Where have men ever seen the things they have seen here?
Where was it known that so much wealth could come from one land?

—Pedro de Cieza de León, Chronicle of Peru, 1545



Resistance and Adaptation


    The Inka spoke the Quechua language, which is still spoken today in the Andes.


Though Spain dismantled their government and religious systems, Andeans found ways to keep their traditions alive. They continued to speak the Quechua and Aymara languages. They adopted the Catholic religion but blended its customs with older beliefs. Apachetas (sites for offerings) along the Qhapaq Ñan remained, with the addition of a Catholic cross.

The Qorikancha in Cusco and other Inka temples became Catholic churches. Inka ceremonies and pilgrimages now incorporated Catholic saints.

To think that God should have permitted something so great to remain hidden from the world for so long in history, unknown to men, and then let it be found, discovered, and won all in our own time!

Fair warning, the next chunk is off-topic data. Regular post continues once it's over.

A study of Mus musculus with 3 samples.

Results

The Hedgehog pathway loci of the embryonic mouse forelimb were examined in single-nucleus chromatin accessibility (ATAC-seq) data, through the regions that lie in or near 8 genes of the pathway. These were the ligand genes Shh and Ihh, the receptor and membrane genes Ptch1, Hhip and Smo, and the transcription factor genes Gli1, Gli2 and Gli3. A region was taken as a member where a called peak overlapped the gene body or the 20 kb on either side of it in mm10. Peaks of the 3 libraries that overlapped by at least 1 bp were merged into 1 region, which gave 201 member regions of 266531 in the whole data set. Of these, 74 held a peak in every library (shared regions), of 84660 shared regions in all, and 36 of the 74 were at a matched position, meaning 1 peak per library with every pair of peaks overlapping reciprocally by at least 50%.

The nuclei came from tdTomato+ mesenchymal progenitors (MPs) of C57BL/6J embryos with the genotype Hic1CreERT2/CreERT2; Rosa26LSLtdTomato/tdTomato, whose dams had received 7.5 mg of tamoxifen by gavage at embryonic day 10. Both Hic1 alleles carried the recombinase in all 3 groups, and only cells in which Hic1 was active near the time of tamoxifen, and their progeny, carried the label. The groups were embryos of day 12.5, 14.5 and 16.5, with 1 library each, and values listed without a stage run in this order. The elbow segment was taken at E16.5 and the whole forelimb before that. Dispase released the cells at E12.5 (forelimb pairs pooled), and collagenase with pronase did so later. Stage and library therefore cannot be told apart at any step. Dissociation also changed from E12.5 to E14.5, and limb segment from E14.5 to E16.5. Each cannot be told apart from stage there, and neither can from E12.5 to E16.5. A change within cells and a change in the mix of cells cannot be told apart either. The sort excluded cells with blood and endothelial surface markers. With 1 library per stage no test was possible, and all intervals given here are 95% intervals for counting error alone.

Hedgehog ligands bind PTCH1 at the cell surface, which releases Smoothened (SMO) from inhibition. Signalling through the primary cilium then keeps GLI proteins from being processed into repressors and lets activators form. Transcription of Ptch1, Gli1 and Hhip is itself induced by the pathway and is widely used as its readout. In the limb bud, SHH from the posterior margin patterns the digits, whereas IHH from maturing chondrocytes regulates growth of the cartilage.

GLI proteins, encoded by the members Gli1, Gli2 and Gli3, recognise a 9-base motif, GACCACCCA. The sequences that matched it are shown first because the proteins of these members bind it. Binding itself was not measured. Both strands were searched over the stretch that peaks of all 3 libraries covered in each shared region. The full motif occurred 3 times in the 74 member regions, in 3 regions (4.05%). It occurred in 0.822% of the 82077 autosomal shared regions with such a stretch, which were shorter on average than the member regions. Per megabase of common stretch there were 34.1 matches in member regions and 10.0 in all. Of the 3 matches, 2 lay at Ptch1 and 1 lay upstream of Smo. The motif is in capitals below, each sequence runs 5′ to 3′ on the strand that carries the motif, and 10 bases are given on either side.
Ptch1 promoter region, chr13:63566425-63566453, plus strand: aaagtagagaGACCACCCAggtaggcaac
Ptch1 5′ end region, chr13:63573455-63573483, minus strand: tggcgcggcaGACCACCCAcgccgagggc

—Pedro de Cieza de León, Chronicle of Peru, 1545

The Spanish practiced ayni (reciprocity) only to benefit themselves. Native people described their relationship with Europeans as a "funnel law—the narrow end was for the Indians and the wide end for the whites."

Andean people blended Catholicism with their older beliefs. Sometimes this was simply a matter of reassigning meaning—an apu (mountain spirit) became Christ and Pachamama (Mother Earth) became the Virgin Mary.

Andean people adapted European technologies—such as glass making, ceramic glazes, and metallurgical techniques—and married them to traditional craftsmanship.

After the conquest, Inka weavers continued to weave fine textiles. This manta was made for a woman of high social status. The weaving and design are Andean, but Spanish elements (lace patterns and human figures in Spanish dress) blend with abstract Inka symbols called tucapus, emblems of rank.